HHS Releases New Health Privacy Rule
The U.S. Department of Health and Human Services (HHS) has released a final rule strengthening the privacy protections and security safeguards for health information found in the Health Insurance Portability and Accountability Act (HIPAA), as well as increasing the governement’s ability to eforce the law. (The rule, Modifications to the HIPAA Privacy, Security, Enforcement, and Breach Notification Rules under the Health Information Technology for Economic and Clinical Health Act and the Genetic Information Nondiscrimination Act; Other Modifications to the HIPAA Rules, may be read in here in display copy, and here in the Federal Register after January 25, 2013.)
“Much has changed in health care since HIPAA was enacted over fifteen years ago,” said HHS Secretary Kathleen Sebelius in a press release. “The new rule will help protect patient privacy and safeguard patients’ health information in an ever expanding digital age.”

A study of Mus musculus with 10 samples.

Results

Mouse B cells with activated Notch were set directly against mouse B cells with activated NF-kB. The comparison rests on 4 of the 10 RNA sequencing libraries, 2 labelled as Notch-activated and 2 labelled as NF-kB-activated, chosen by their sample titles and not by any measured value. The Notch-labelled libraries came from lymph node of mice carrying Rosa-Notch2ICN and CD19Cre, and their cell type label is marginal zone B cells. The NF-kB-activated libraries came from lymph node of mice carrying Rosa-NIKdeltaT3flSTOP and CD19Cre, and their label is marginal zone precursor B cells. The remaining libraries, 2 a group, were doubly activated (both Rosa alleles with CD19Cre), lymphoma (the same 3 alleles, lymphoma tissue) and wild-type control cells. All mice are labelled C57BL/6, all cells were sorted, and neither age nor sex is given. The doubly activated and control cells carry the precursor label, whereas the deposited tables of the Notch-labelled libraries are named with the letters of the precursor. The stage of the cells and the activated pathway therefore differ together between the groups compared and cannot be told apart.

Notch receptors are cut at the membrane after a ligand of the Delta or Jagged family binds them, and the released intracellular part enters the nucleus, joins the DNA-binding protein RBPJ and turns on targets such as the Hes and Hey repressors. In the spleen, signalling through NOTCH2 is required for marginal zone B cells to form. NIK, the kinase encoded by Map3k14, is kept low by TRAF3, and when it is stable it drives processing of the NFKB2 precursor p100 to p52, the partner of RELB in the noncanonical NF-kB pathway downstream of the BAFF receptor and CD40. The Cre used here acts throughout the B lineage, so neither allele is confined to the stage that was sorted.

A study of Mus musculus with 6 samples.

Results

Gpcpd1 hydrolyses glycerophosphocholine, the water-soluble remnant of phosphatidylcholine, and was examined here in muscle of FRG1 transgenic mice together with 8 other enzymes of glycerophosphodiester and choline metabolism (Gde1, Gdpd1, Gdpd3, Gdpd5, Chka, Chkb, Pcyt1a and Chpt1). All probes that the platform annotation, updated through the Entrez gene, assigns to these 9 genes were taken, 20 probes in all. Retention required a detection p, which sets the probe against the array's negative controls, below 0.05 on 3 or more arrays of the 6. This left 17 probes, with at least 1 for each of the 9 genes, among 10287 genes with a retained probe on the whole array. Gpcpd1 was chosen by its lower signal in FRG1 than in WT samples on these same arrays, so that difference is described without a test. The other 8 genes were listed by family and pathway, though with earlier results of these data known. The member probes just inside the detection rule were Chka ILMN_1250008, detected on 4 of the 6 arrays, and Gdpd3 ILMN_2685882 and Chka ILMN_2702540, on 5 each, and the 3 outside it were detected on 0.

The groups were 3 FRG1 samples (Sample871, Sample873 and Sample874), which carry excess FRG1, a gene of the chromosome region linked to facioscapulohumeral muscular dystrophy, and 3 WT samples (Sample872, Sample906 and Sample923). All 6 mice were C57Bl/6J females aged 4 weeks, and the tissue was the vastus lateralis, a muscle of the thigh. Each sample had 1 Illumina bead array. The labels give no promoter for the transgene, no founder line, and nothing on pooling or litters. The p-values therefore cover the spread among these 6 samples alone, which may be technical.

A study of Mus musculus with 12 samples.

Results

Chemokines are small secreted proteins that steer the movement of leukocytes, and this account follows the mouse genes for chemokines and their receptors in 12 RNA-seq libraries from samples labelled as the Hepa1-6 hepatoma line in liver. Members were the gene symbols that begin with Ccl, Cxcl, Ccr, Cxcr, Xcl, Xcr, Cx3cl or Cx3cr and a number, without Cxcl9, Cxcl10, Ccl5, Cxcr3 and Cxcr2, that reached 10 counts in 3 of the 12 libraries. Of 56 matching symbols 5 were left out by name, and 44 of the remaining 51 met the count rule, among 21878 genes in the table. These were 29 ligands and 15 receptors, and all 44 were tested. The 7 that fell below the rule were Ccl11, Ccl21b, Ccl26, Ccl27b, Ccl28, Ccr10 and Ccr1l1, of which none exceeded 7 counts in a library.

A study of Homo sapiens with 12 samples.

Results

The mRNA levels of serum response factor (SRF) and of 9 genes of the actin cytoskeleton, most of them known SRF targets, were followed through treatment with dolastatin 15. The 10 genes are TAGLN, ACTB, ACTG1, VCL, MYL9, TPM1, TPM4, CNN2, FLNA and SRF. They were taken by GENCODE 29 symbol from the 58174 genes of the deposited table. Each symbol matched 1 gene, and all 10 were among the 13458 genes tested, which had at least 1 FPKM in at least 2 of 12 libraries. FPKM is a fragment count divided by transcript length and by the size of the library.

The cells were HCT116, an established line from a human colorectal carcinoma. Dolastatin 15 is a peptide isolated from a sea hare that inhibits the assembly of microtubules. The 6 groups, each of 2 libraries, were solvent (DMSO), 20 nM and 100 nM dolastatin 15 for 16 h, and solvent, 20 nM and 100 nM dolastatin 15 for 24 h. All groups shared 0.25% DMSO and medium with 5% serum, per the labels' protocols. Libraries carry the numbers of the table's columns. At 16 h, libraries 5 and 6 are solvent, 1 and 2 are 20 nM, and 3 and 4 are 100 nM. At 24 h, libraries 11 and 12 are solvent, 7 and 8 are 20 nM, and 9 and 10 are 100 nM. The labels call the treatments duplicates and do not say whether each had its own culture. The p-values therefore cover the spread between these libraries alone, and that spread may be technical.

As summarized in the HHS press release, “The changes in the final rulemaking provide the public with increased protection and control of personal health information. The HIPAA Privacy and Security Rules have focused on health care providers, health plans and other entities that process health insurance claims. The changes announced today expand many of the requirements to business associates of these entities that receive protected health information, such as contractors and subcontractors. Some of the largest breaches reported to HHS have involved business associates. Penalties are increased for noncompliance based on the level of negligence with a maximum penalty of $1.5 million per violation. The changes also strengthen the Health Information Technology for Economic and Clinical Health (HITECH) Breach Notification requirements by clarifying when breaches of unsecured health information must be reported to HHS.”
Patients also have new explicit rights, such as the ability to request a copy of their electronic medical record in an electronic form and the right to instruct their provider not to share treatment information with their insurer when they pay in cash. Further, the final rule makes it easier for patients to authorize the use of their health information for research purposes and for parents to give permission to share proof of a child’s immunization with a school.
The rule is effective on March 26, 2013, and covered entities and business associates must comply with applicable requirements of the rule by September 23, 2013.